In legalese, the doctrine the justices will consider on Wednesday is called stare decisis. It derives from the Latin “stare decisis et non quieta movere” meaning, roughly, to stand by things decided and not disturb the calm.
For some, stare decisis is critical because it represents the accumulated wisdom of judges, preserves stability in the law and promotes an evenhanded and consistent development of legal principles.
Wednesday’s case will bring the debate to a head as the court considers a federal appeals court decision that struck down the Mississippi law.
The 5th US Court of Appeals — one of the most conservative courts in the country — invalidated the Mississippi law, holding it was in in direct contravention of Roe.
“In an unbroken line dating to Roe v. Wade, the Supreme Court’s abortion cases have established (and affirmed and re-affirmed) a woman’s right to choose an abortion before viability,” the court held.
Mississippi appealed the decision to the Supreme Court. After the justices agreed to take up the dispute, the state attorney general made the big ask: “This Court should overrule Roe,” because the decision has proven “hopelessly unworkable.” Roe, and another case called Planned Parenthood v. Casey decided in 1992 have “inflicted profound damage,” the state said.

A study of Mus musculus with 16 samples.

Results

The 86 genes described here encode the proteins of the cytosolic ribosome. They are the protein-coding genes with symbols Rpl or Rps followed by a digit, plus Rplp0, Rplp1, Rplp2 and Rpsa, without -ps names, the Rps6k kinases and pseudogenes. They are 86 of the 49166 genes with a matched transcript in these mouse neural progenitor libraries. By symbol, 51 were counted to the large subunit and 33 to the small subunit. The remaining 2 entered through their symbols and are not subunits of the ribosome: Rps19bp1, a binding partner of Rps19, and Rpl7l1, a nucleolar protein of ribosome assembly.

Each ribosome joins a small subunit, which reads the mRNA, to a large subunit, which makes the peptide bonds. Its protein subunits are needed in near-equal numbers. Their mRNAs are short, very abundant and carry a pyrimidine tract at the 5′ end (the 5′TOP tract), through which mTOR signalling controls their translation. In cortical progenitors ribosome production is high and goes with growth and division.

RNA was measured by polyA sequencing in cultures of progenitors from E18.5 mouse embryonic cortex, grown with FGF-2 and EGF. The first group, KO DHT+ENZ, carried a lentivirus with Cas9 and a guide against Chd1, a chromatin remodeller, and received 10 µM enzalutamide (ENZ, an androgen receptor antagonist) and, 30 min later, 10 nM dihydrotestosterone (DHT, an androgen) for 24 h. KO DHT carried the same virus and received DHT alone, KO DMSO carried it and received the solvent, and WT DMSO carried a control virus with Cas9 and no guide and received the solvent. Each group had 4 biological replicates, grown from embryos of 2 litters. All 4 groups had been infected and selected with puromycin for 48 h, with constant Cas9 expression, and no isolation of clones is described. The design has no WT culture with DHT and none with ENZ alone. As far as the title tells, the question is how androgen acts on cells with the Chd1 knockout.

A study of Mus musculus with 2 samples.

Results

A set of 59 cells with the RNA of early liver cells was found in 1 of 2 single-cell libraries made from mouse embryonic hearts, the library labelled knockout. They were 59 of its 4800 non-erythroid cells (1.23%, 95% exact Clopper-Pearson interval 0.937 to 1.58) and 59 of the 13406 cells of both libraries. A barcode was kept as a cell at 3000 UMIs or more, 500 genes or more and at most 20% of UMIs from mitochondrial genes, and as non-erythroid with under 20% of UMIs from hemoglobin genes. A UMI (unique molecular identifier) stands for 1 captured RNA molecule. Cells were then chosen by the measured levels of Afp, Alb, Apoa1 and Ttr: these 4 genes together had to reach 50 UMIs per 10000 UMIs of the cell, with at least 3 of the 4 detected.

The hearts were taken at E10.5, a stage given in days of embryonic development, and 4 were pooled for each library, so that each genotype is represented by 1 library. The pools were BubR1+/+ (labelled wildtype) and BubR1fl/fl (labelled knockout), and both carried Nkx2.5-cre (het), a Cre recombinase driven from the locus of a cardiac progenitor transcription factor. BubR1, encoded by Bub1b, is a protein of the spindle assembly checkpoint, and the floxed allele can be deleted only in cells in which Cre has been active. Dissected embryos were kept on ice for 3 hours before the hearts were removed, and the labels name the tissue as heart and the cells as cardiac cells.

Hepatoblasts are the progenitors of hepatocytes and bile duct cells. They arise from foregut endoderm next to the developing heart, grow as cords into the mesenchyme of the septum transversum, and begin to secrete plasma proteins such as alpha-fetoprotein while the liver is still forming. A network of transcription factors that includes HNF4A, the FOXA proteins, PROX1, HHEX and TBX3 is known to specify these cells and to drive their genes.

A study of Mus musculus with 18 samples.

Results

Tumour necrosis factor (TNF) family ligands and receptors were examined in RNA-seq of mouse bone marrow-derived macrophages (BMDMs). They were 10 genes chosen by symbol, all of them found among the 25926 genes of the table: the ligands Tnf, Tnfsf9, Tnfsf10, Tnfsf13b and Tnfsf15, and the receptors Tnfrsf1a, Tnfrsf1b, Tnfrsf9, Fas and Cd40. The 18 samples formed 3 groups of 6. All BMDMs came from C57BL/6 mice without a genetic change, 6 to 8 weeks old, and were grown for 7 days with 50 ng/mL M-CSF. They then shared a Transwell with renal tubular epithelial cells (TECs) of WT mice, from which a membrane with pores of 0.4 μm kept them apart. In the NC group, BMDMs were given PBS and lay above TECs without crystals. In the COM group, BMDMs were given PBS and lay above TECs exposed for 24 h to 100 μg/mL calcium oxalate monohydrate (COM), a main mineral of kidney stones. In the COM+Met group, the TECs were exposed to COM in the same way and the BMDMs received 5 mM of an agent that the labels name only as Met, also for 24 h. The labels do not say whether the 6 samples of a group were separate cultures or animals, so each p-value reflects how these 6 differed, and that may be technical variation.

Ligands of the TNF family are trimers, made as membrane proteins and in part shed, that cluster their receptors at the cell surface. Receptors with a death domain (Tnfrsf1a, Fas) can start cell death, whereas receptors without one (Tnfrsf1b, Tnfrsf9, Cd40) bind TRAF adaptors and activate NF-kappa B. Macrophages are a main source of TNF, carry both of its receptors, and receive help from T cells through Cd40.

“Reliance interests do not support retaining them,” the state argued. “And nothing but a full break from those cases can stem the harms they have caused.”
Supporters of abortion rights, were quick to respond, emphasizing from the start how the country has come to rely on Roe.
“Two generations — spanning almost five decades — have come to depend on the availability of legal abortion and the right to make this decision has been further cemented as critical to gender equality,” Julie Rikelman, a lawyer representing Jackson Women’s Health Organization, said in briefs.
And she took aim at the new conservative majority. She said that if the court were to suddenly overrule Roe, after some 50 years, the new court would be turning its back on its institutional legitimacy.
But O. Carter Snead, a Notre Dame Law School professor, believes the court would be repairing its institutional legitimacy by overruling Roe. “The Court’s abortion jurisprudence is completely untethered from the Constitution’s text, history and tradition,” he said in an amicus brief supporting Mississippi. “It has imposed an extreme, incoherent, unworkable, and antidemocratic legal regime for abortion on the nation for several decades.”